Six Degrees of Pittsburgh
The news that “The Fault In Our Stars”, a book based on an author named John Green, is filming in Pittsburgh, Pennsylvania, means different things to different people. But if you happen to be the father of a 14 year old daughter, for whom "Fault" is her favorite all time book, this is a sacred time. And if you have read the book, you will understand why this is a novel that speaks to a generation in the same way “Catcher In the Rye” spoke to mine growing up. But what is interesting, and which has obsessed me of late, is the oddness that this movie is filming here at the same time the documentary on J.D. Salinger is coming out—a film I, like many Salinger fans, has deep ambivalence about. For Salinger of all people, seemed to guard the space between the reader and the writer as something holy—and that should exist apart from media and critics and external trappings.
There is something meta-textual about the timing of the Salinger documentary “revealing” private details the author had tried so hard to protect and “Fault In Our Stars” filming here—for in “Fault”, the teenage protagonist, Hazel Grace, a sixteen year old cancer patient and the object of her affection, seventeen year old Augustus Waters, are obsessed with the reclusive author of a book, “The Imperial Affliction”, that speaks so deeply to these young people that, as their sort of “Make A Wish” dream, they travel to Amsterdam to meet the author himself. Shades of J.D. Salinger naturally appear, and if you happen to be an adult who picks up this novel, as millions have, you will see that this is not just a “young person’s book”, but a book about young people which speaks to all of us who long for meaning in this crazy world. And then there is the aspect here, of what many of us might have fantasized about, of meeting J.D. Salinger.
But John Green is an author of a different age, one with millions of twitter followers and who also has a quite active vblog (video blog) with his brother Hank which produces an astonishing amount of content and which communicates quite intimately with his readership. And, one wonders if had Mister Salinger come up in this age, he might have been less reclusive—he was, according to the recent doc—which I have still not yet seen—an aspiring actor, who apparently longed to play “Holden” should he have been able to pull it off.
Last year, my daughter read “Catcher” as part of her eighth grade English class and I was shocked to hear she was the only one in thr class who connected to the novel—as others found Holden a “whiny, spoiled rich kid.” I was proud of her for having her own convictions, and didn’t mind if she was a bit alienated from her peers by this, as that of course how Holden would have been. What has been a bit more confusing as to whether we should try to take her to get a glimpse of the filming of the movie, "Fault", and perhaps catch a glimpse of her Salinger, a somewhat less reclusive John Green. Though it would be exciting, anyone who has actually spent time on a film set, knows that it is remarkably boring and that that experience—like when Hazel meets the author, Peter Van Houten-- is destined to be a bit of a let down.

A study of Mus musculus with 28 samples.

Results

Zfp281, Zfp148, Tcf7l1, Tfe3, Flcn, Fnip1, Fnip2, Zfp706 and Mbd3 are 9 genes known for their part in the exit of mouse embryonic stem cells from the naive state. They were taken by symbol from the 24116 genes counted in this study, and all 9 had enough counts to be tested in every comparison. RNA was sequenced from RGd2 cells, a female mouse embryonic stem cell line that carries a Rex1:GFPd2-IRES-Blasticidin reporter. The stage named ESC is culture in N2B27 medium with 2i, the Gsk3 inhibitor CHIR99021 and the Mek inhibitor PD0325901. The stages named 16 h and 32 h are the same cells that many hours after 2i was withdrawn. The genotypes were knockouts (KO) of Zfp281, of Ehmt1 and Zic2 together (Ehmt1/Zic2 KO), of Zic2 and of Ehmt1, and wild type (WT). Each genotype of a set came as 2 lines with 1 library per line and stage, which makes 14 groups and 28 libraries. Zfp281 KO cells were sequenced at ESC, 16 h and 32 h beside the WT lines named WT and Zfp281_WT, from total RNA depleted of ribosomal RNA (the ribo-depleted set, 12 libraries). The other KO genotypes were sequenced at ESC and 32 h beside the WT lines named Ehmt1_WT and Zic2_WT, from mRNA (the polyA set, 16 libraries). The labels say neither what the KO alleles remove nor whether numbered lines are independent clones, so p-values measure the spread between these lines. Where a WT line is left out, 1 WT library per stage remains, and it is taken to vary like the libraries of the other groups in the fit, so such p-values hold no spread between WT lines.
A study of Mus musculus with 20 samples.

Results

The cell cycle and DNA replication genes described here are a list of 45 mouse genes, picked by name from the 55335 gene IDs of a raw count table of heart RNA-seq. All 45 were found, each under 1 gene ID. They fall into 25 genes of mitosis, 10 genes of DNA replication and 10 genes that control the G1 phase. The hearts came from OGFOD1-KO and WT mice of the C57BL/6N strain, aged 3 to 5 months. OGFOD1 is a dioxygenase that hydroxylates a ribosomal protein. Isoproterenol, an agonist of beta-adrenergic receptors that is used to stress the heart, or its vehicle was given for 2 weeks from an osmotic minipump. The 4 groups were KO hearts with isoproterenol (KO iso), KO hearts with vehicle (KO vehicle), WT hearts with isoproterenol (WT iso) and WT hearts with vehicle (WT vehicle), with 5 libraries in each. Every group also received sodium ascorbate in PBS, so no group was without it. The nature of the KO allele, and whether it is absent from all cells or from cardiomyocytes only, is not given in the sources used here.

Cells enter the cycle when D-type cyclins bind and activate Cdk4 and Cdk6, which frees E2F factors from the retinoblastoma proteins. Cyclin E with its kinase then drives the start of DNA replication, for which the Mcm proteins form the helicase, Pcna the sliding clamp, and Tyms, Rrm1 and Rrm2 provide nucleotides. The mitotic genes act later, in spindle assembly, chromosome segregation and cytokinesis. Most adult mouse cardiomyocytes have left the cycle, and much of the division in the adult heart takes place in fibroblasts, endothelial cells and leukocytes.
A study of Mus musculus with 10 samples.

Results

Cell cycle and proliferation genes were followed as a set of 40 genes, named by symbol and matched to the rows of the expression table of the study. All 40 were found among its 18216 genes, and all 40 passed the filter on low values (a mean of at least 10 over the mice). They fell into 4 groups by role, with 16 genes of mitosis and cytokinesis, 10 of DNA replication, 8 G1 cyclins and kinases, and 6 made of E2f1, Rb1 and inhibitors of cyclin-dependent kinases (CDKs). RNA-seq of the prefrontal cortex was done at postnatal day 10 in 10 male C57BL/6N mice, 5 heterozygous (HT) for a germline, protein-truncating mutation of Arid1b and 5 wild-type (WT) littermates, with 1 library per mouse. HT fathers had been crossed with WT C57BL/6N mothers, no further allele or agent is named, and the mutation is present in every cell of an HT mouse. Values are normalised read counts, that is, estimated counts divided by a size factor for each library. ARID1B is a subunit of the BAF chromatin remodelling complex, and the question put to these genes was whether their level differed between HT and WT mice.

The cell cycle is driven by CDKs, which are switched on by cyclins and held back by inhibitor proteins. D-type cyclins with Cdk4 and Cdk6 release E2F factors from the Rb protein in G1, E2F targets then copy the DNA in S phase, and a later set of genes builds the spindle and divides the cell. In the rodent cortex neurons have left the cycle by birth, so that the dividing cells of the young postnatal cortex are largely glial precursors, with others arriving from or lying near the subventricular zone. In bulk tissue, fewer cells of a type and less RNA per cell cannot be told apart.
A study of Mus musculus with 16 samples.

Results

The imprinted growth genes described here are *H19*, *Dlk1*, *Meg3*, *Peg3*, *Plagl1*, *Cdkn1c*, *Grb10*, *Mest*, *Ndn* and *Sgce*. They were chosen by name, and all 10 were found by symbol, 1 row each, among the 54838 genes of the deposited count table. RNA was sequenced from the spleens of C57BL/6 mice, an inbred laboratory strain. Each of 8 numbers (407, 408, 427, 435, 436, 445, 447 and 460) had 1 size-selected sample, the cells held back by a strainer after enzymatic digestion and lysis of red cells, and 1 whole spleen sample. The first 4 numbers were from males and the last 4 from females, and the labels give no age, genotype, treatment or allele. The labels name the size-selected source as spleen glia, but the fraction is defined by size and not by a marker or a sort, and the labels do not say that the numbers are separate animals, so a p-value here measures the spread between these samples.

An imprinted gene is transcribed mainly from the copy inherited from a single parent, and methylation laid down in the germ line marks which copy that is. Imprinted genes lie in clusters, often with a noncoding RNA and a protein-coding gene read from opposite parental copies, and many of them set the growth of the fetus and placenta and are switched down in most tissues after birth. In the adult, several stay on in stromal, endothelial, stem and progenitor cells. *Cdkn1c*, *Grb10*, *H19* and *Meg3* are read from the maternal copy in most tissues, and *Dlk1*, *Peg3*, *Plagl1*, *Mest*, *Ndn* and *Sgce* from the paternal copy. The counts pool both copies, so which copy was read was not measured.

“Fault” is set in Indianapolis Indiana (Green’s hometown), and the fact that it is filming in Pittsburgh at all may be a bit disappointing to those from that region. But Pittsburgh is the home of Fred Rogers, who in some ways, might be described as an early video blogger, one who used the new technology of his day, to communicate directly with his audience. Both John Green and Mister Rogers studied to become ministers, and Fred felt that place between the camera and the young people he was talking to was sacred-- something which I believe Mr. Green and Mr. Salinger would agree with.
To make this all even more metatexual (I like that as a blanket word even if I am not certain I am using this correctly), I invite you to watch one of John Green’s video blogs, here, to have him explain more about Fred Rogers and some parallels between them.
You can also watch him talk about J.D Salinger here.
So the bottom line, I have not seen the Salinger doc and I have refrained from taking my daughter to the set of "Fault", but I am teaching a freshman composition class at the University of Pittsburgh titled “Pittsburgh, Film, and You” and on the first day, when I asked my class if anyone had ever been on a film set, one of the students quietly raised his hand, and said he had just been on the set of “Fault In Our Stars.” Apparently, he had deduced from various media reports where the film was shooting, and used GPS to find the location. And while observing the set, he spotted none other than the author himself, John Green. He had met John once before at a book reading and apparently said something like how great it was to see him, and John replied something kind back. (Certainly a better experience than Hazel got with Peter Van Houton.)
But how wonderful it is that in this super-tech, media saturated age, that books can still inspire the wonder of a new generation. Thanks, John Green. And J.D. And all who still worship the page and respect young people.